Students would not expect to see strikingly symbolic photographs and stories recounting experiences of trafficking victims while walking across East Campus Mall on a normal afternoon.
But this forced encounter is exactly what photographer Kay Chernush’s latest exhibit, Bought and Sold: Voices of Human Trafficking, sets out to accomplish.
The exhibit, hosted outside Chazen Museum of Art’s doors attracts pedestrians with its images that from a distance seem like they could be part of any art exhibition. They are diverse, both in content and colors.
One features a woman’s face surrounded by colorful superpositions, another a doll submerged in a tub of water with unidentifiable red objects.
But when the viewer approaches these alluring images, a closer look reveals their true nature. Each successfully conveys through symbols an aspect of human trafficking.
Chernush, however, is not content in letting her or the interpretations of her images do all the talking — each photograph is counterbalanced with a direct quote from the photograph’s inspiration, telling the audience their story.
This balance of symbolism and fact is a both an aesthetic and practical choice for Chernush. She was originally planning a documentary on the subject, but Chernush said she struggled to capture the reality of her subject’s situations without endangering many of them by including too much information.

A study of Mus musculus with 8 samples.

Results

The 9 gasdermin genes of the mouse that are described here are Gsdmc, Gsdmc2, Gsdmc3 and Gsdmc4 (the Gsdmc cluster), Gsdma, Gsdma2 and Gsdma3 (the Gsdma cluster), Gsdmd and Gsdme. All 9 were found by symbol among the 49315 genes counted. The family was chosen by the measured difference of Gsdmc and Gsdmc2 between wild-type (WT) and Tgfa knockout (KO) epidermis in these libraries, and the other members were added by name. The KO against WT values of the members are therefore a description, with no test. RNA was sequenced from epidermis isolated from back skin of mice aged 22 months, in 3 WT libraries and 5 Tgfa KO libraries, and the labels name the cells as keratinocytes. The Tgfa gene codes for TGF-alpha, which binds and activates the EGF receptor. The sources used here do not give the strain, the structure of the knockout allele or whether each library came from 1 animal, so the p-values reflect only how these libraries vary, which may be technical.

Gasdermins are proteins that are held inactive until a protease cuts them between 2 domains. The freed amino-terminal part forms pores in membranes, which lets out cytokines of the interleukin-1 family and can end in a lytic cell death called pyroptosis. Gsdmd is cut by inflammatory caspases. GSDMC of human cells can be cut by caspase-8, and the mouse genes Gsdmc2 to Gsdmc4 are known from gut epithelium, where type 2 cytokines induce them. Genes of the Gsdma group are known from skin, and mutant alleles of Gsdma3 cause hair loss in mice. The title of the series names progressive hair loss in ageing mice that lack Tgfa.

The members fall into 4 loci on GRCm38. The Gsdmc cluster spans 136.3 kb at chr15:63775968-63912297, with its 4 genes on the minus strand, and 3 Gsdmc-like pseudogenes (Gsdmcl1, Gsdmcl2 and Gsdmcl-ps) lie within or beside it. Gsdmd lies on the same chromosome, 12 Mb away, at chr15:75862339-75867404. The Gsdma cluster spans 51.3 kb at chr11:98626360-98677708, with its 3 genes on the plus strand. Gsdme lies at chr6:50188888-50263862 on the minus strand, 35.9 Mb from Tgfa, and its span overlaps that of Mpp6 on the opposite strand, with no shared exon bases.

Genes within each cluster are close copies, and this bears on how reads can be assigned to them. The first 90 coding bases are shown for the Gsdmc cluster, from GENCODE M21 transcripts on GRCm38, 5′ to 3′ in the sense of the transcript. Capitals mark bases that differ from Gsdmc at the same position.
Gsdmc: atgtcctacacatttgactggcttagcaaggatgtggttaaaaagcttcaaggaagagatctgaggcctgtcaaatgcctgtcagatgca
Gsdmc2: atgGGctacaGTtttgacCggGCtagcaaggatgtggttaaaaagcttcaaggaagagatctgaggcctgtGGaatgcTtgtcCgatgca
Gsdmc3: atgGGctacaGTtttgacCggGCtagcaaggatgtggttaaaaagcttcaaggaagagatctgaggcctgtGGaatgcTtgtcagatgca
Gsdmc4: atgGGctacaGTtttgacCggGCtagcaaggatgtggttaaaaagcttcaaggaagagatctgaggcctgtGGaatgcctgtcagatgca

As a result, she switched to the photography project. This now allows her to exhibit her bold artistry, but not her own interpretations, which may get in the way of important, factual stories.
Most of these images portray, quite stunningly, the trauma of trafficking victims on a global scale — but not all. One in particular talks about the strong resurgence of a former victim, whereas another depicts a sex tourist.
All in all, what is most impressive about this project is how it invades public space. Passersby are forced to confront an uncomfortable reality — that trafficking exists and happens on a global scale. It can affect everyone, but disproportionately affects women.
Locally, this exhibit beckons for more of its kind. Not necessarily ones for the sake of activism, but ones that invade the daily life and force people to think deeply and consider things they normally would not.